2 essences of a story: conflict and stakes

Conflict - broken heart

Conflict and stakes are the 2 essences of a story because it will make the reader care and engage in our stories, which, in turn, will keep them reading. Without these two elements, there isn’t much of a story, and without a story, there isn’t an audience.

What is conflict in a story?

Conflict are the things that get in the way of achieving a character’s goals. It doesn’t necessarily mean a physical fight. It can mean disagreement between one or more persons. As important as conflict is to a story, it’s important not to contrive conflict just because you read it on a blog somewhere *ahem*. It needs to be relevant the character and plot.

There are 3 types of conflict

1. Overall story conflict

This is the summary of what your story is about – the blurb at the back of your book. For example, in Harry Potter, the overall story conflict is Harry’s struggle against Lord Voldemort. If Harry Potter fails in his mission, Lord Voldemort will overthrow the Ministry of Magic and rule over all wizards and Muggles. If the overall story does not have a viable conflict premise, the chances are that the reader will not be interested enough to read the book in the first place.

2. Character conflict

This is the struggles and challenges each character have between each other (e.g., protagonist vs antagonist, interpersonal drama), which often leads to internal conflict that a character needs to confront / wrestles with, such as guilt, jealousy, or ethical dilemmas. The main character usually has conflict with everyone; allies and enemies alike.

3. Scene level conflict

This is the inherent conflict of the scene where the goal of one or more persons do not align with another. As an example, a teenager is caught stealing in a newsagency by the storekeeper. Here, the scene level conflict is that teenager wants to get something for free, but the storekeeper wants to apprehend him to teach him a lesson. The reader would be interested in how each character reacts to their circumstances and how these seemingly different positions will be resolved. Understanding scene level conflict will help you decide which scenes to keep (ones with conflict / stakes) and which one to discard (ones without conflict / stakes).

Conflict alone is nowhere near as important if it doesn’t have stakes.

What are stakes in a story?

Stakes are what a character will lose if they don’t achieve their goals. To create stakes, we need to understand the character’s goals.

In the shoplifting example above, sure, the teenager and shopkeeper have conflicting positions but if the scene was simply resolved by the teenager agreeing not to do it again, the conflict was meaningless, and the scene becomes anticlimactic. However, if he will get expelled from his private school (what he will lose), the stakes for the teenager will increase. There should also be stakes for the shopkeeper, otherwise he would allow people to steal from his shop. It would be more interesting if his business was losing money and he could barely afford to keep the shop open and this theft certainly doesn’t help his cause.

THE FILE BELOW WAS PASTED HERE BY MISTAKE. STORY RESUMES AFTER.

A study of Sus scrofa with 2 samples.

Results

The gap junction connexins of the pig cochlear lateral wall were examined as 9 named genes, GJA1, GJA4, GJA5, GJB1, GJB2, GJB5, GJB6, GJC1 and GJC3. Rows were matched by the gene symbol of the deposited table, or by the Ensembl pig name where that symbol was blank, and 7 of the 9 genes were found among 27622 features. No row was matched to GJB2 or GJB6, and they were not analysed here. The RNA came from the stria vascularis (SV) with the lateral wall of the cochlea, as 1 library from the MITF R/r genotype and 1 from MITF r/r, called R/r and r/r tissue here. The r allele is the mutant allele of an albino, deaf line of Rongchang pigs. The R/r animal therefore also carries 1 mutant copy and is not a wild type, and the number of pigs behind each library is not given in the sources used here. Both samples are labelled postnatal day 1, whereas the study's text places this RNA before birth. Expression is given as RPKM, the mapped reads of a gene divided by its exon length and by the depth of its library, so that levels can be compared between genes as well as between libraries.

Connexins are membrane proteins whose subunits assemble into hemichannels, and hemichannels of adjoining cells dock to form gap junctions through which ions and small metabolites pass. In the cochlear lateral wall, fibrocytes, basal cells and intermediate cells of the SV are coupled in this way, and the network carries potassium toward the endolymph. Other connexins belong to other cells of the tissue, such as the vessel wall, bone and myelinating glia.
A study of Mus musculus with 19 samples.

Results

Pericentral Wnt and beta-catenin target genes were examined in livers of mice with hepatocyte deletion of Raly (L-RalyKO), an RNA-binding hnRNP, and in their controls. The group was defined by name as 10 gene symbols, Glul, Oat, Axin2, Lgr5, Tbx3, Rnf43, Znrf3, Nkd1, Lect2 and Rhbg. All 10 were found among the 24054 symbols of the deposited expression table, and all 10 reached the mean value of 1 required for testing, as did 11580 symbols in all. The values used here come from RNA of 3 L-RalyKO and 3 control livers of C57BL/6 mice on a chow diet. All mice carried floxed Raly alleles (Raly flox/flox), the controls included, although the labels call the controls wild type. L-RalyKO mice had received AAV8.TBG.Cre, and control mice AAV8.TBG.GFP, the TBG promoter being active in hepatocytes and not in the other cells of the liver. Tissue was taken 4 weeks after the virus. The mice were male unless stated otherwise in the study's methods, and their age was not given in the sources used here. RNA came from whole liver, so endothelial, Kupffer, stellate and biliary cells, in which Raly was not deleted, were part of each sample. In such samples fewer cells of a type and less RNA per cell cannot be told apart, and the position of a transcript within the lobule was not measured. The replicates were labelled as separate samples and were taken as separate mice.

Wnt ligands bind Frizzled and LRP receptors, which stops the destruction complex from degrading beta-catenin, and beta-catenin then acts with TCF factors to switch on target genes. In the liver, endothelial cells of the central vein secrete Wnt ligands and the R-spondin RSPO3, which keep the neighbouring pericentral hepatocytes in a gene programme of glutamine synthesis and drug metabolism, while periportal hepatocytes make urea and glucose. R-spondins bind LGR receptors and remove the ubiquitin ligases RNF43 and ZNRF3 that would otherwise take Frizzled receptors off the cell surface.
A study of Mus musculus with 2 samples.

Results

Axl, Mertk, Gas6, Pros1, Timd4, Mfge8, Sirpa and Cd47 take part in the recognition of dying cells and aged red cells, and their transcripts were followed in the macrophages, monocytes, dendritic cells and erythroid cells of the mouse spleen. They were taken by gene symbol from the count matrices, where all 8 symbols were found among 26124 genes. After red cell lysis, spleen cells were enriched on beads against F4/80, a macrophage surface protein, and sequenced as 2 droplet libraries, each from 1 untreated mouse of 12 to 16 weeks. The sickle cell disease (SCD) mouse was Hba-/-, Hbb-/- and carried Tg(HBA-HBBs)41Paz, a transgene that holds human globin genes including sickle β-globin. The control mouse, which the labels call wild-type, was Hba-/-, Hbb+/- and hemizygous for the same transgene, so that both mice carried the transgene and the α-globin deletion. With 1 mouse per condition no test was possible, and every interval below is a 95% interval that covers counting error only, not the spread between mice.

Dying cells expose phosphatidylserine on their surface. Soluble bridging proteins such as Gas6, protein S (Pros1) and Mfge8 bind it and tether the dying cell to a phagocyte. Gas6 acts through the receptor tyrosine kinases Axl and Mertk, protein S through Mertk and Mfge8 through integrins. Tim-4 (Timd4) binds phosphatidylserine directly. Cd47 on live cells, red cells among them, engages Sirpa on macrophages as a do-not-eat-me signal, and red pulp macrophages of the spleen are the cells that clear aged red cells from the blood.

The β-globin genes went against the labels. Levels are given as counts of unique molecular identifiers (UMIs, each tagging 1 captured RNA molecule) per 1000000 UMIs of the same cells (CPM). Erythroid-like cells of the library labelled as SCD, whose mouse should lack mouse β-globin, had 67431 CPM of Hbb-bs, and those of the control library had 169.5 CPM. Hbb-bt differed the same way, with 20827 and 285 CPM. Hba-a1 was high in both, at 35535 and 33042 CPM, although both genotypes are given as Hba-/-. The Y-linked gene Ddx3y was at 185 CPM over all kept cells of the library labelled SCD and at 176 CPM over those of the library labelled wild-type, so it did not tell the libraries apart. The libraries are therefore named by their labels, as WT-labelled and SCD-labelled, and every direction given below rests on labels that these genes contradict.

5 tips to creating / raising stakes

Conflict and stakes

1 – Make your stakes personal and material to make the readers care

Continuing with the example above, if the shopkeeper works for a large corporation, he probably won’t care enough to risk his safety to confront the teenager and perhaps would turn a blind eye to the theft. However, because the shop is his own business, he is probably willing to go further in confronting the teenager because he has more to lose.

2 – Stakes can be big and small

Stakes does not mean the world will end or someone will die because a conflict isn’t resolved. It can be objectively small but to the character that is affected by it, it should be big enough to elicit a material reaction. However, if you start off with small stakes, make sure there is an escalation in obstacles, and therefore stakes, as you progress through your story. If you use the same stakes throughout the book (e.g., teenager in the example above is always threatened with expulsion), it can become boring very quickly.

3 – Impose time limit / constraint

In the TV series, 24, Kiefer Sutherland’s character, Jack Bauer, has 24 hours to protect the U.S. from terrorist plots. Given the time limit, there is an urgency to what Jack’s actions, and therefore increases the tension of the story. If he had all year to do it, it would be safe to say many readers would not be as engaged.

4 – Add a necessary sacrifice

A bargaining chip that each character uses. In the shop lifting example, perhaps the shopkeeper makes a deal with the teenager. He won’t tell his parents / school if he mops the floor of his shop. This relates to stakes needing to have consequences, otherwise, characters will be able to do anything and they will still “get the girl” or “save the world” in the end.

5 – Don’t be precious about “killing your darlings”

If we know that a certain person will not die, it doesn’t matter how many bombs the antagonists drops on them, we would be safe in the understanding that the character will survive, which will reduce the tension in the story, leading to less engagement with the story.